A new study released Wednesday found more than a quarter of Chicago
students are in after school activities, compared to just 15 percent
nationwide. But of those students who are not, 30 percent spend their
afternoons home alone.
A new study released Wednesday found more than a quarter of Chicago students are in after school activities, compared to just 15 percent nationwide. But of those students who are not, 30 percent spend their afternoons home alone.
That a third of Chicago’s children are not supervised for so many hours worries officials. More funding is needed, said Jodi Grant, the executive director of Afterschool Alliance, which released the Chicago After 3PM at a press conference.
“When we passed No Child Left Behind, they promised $2.5 billion in after school funding,” she said. “We’re at $1.1 billion. We need a lot more from our federal government to be supporting this.”
The results of the Chicago After 3PM report were announced at a press conference that came on the eve a national event called “Lights On Afterschool.” “Lights On Afterschool seeks to bring attention to the need for quality after school programs.
Chicago has been at the forefront of the movement to create a better system of after school programs. In 2006, it was one of five cities to receive an $11 million grant from the Wallace Foundation to focus on out-of-school activities for students.
With that grant, Chicago officials have worked to reduce after school programming fragmentation and inefficiency while improving access and quality. Partner agencies, including CPS, the Chicago Park District and Chicago Public Libraries, began compiling their program data in 2003 to determine what areas of the city showed the highest need.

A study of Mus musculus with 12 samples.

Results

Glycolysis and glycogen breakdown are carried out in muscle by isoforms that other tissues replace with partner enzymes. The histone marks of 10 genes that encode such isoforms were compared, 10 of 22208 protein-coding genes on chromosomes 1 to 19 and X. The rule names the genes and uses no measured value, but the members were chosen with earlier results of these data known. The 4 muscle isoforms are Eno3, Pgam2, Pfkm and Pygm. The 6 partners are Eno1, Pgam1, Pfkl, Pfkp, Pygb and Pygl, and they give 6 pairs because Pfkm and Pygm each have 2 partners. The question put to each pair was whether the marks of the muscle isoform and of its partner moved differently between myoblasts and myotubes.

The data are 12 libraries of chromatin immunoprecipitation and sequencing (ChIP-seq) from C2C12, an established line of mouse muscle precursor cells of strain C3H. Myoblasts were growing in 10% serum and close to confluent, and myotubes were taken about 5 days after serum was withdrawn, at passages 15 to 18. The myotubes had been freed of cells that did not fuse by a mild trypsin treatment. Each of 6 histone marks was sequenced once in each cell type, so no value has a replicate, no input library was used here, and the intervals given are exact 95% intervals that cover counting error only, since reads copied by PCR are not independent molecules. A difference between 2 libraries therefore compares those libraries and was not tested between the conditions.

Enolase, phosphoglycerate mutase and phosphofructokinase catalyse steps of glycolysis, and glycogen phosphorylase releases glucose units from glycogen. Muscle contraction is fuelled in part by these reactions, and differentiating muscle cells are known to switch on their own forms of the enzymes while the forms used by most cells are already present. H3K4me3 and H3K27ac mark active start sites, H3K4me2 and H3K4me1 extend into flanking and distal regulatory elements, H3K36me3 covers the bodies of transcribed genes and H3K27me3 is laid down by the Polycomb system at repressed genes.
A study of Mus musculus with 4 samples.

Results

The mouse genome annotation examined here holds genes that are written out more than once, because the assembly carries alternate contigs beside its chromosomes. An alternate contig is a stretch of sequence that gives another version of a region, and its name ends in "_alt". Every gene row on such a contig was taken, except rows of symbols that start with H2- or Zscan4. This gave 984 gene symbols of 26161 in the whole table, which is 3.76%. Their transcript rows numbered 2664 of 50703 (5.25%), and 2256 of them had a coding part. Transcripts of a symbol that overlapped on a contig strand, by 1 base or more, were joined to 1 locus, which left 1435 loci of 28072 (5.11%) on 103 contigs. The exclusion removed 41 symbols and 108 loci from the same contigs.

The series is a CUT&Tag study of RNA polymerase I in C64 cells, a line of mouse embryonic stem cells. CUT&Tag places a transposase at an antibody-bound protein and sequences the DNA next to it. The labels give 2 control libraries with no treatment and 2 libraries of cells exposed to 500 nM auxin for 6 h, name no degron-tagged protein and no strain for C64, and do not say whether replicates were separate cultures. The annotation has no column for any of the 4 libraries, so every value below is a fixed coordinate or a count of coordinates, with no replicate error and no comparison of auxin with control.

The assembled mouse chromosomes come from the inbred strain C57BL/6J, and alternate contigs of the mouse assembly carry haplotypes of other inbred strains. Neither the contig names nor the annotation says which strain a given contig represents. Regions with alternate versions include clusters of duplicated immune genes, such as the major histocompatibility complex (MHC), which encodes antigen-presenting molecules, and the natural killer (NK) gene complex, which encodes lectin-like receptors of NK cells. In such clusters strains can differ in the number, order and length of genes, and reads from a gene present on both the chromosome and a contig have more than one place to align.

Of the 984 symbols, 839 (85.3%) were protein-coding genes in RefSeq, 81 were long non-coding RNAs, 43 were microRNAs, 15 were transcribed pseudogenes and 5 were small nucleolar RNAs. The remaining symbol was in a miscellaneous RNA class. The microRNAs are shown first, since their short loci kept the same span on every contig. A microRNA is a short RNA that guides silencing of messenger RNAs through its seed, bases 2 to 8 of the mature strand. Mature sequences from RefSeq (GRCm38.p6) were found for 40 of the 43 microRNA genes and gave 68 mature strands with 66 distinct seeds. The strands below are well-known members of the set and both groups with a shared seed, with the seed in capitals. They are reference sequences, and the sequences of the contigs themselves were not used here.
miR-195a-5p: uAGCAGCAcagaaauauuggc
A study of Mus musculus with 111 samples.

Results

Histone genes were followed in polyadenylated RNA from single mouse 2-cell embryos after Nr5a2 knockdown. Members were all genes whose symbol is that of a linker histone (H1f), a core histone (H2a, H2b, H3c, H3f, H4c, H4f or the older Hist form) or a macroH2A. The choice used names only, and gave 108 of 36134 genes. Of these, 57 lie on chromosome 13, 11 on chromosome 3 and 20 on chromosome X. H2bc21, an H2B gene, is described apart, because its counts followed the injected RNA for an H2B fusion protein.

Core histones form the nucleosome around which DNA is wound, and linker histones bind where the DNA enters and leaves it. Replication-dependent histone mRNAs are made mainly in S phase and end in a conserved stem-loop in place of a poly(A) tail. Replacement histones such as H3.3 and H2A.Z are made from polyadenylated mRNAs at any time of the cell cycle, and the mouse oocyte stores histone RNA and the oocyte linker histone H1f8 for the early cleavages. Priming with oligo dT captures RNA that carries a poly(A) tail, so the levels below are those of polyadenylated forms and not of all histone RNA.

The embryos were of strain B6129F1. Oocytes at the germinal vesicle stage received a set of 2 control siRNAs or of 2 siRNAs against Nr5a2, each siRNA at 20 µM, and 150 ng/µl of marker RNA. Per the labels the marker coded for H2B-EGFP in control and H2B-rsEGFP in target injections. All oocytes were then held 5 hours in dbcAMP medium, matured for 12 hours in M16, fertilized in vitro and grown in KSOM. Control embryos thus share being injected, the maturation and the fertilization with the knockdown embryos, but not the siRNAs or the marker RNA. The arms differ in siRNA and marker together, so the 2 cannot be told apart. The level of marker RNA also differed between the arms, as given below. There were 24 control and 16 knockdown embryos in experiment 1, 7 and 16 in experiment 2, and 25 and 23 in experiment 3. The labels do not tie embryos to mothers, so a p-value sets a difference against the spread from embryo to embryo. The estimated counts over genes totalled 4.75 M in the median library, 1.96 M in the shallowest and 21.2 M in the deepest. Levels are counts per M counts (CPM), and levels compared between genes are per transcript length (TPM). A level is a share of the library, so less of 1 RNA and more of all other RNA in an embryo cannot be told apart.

This data pointed to some problems. City agencies found it difficult to provide after school programs in areas that were experiencing an influx of young families, according to a recently released report by the Rand Corporation.
The Rand report notes that after school programs struggled to reach students on the southwest and northwest sides of the city, which had burgeoning populations of Latino families. Meanwhile, they had open spots in schools near public housing projects after the projects were demolished.
“Partner agencies understood the need to provide services where there was increasing demand. However, these groups faced some very real constraints in shifting services to meet growing demand,” according to the report.
Overall, current programs are effective, but offer limited space.
For example, more than 6,300 programs are available to CPS teens through After School Matters, an organization that offers drop-in activities and work-related apprentices to teenagers. Two to five students apply for every one available spot, Daley said.
With an $80 million budget, CPS supports after school initiatives in addition to After School Matters. Last year, they served about 200,000 students in 548 elementary and high schools.
Students in these programs have tended to yield higher grades. According to the Rand report, some of the CPS-funded programs demonstrated a link between after school participation and student achievement in the classroom.
This evidence has already resulted in a policy change. The report’s authors said that CPS officials got “principals to reconsider policies that disallowed students with low grades or behavior problems from attending [after school] programs, since these programs might help improve these sorts of outcomes.”
In the press conference this morning, Mayor Richard M. Daley said that students and parents who aren’t able to afford after school programming or secure a subsidized spot should take advantage of the city’s public libraries and parks, which offer free supervision while parents are away.
Daley also said report shows that more students are able to participate.